When you’re boiling up a batch of rice for dinner, you probably don’t assume you were filling your body with carcinogens. But according to a new alert from Consumer Reports that found elevated levels of arsenic in rice, you may very well be. That’s right…your San Francisco treat could be giving you cancer.
In a new study, Consumer Reports tested over 200 samples of the most popular brands of rice, including Uncle Ben’s, Goya, Kellogg’s, Earth’s Best Organic, and Gerber. What they found was troubling: All brands of rice had elevated levels of arsenic.
Lead scientist Urshavi Rangan explained that this is something we should take seriously:
We actually are quite concerned by the findings. This isn’t a matter of trace amounts. These are moderate to moderately high levels of arsenic.
And because Gerber was one of the brands tested–and found with high levels of arsenic–Rangen went on to say that this is especially concerning for children:
We think children should consume even less because they are more vulnerable to the toxic effects of arsenic.
While this is not the first time that we have felt threatened by arsenic in our food (remember prior studies that found this chemical in apple juice and baby food?), findings like this are still very troubling. It makes us wonder if we really know what we’re eating half the time. True, arsenic is found in the soil and foods like rice absorb this substance more easily. But even though it’s found “naturally”, it still doesn’t make it any less scary.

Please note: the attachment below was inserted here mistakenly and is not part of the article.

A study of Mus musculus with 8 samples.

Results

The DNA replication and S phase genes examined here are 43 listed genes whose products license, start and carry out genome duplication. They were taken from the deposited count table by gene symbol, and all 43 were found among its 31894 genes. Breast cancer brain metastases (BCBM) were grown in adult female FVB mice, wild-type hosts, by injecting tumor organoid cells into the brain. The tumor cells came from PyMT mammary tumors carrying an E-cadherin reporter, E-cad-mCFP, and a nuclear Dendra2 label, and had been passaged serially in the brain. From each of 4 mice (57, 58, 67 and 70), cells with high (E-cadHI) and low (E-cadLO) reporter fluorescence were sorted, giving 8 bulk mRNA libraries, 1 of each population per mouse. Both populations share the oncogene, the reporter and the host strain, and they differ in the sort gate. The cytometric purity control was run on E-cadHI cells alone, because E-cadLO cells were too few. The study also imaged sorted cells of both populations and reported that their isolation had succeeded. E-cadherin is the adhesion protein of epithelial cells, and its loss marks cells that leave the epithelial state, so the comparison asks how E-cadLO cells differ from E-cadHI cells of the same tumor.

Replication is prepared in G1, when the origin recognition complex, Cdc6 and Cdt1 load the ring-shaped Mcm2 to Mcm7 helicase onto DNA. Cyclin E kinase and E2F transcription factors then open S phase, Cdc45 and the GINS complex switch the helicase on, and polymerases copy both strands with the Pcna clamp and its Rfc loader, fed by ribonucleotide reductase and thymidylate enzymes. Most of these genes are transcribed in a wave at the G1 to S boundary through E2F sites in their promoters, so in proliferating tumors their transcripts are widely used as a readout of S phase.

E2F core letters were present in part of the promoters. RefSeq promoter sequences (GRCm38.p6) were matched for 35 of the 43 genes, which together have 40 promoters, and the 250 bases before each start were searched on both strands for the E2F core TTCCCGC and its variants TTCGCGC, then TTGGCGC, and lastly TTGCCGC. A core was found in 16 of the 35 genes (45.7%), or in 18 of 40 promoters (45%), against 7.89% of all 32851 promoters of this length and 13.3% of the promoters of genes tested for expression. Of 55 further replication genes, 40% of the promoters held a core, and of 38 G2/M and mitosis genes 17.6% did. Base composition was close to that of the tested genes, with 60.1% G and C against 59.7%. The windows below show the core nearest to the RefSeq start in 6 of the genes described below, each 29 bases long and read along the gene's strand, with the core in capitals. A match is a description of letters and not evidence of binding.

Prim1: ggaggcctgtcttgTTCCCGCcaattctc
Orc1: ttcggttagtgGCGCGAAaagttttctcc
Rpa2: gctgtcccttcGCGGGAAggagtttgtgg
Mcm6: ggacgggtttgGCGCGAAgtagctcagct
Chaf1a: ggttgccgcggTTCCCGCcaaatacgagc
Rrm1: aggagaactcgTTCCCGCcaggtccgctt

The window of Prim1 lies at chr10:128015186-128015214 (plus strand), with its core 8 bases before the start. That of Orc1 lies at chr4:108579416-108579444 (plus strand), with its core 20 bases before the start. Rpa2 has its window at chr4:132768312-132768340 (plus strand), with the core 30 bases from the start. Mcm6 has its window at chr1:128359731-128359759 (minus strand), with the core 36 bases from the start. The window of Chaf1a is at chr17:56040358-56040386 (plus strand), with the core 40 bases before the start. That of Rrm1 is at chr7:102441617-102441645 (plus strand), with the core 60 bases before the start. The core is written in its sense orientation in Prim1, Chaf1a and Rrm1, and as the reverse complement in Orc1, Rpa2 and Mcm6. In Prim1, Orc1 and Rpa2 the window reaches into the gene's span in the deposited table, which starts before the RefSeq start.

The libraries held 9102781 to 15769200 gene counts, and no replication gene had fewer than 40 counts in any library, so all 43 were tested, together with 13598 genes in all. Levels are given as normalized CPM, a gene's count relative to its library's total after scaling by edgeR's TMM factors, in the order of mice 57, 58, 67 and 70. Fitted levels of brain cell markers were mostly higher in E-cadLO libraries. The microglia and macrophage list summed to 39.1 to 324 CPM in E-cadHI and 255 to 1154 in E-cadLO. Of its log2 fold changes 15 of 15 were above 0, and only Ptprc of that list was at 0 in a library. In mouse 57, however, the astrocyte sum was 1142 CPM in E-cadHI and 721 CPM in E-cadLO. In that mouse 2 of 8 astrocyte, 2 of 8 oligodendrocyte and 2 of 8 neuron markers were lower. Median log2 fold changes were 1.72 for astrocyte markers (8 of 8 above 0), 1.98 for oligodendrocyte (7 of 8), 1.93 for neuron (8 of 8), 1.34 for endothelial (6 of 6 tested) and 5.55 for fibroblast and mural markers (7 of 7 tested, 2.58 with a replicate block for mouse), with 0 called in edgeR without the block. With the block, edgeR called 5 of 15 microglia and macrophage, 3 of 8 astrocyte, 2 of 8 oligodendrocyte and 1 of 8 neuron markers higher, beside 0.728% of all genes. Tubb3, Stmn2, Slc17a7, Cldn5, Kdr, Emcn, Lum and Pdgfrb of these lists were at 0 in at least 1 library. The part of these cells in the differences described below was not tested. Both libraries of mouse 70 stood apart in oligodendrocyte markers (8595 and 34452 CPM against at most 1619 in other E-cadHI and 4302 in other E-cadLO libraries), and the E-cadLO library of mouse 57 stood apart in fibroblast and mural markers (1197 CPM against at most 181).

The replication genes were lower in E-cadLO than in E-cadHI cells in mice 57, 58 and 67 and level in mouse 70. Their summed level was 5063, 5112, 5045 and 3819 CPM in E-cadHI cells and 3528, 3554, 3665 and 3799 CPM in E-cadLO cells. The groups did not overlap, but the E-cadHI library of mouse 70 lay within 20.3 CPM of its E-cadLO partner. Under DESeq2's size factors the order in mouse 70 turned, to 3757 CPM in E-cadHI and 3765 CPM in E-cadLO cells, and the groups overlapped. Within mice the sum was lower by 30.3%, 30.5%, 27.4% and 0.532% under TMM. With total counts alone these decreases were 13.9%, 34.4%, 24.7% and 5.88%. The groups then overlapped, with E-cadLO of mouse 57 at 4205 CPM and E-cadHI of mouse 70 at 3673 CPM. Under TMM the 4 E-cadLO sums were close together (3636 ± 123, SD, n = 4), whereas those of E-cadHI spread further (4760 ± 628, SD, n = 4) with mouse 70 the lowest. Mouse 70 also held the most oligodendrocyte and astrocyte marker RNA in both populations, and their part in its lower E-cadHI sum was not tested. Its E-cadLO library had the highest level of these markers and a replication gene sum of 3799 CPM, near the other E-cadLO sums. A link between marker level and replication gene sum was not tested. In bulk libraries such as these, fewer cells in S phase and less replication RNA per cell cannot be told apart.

Over time, high levels of this chemical can cause cancer says Keeve Nachman, food safety scientist at Johns Hopkins:
This is a known carcinogen linked to several types of cancer, including lung cancer, skin cancer and bladder cancer.
Of course the USA Rice Foundation doesn’t see any concern and think we should continue eating rice regularly. Rangen disagrees though:
I think we can agree that rice is a healthy, nutritional source of food, and a lot of people eat it and rely on it. I think where we would disagree is that the arsenic levels don’t matter.
So how do we avoid poisoning ourselves with rice? Until we get more information, cutting back and eating rice in moderation–especially for kids–seems to be the answer.
Do studies like this affect what you eat?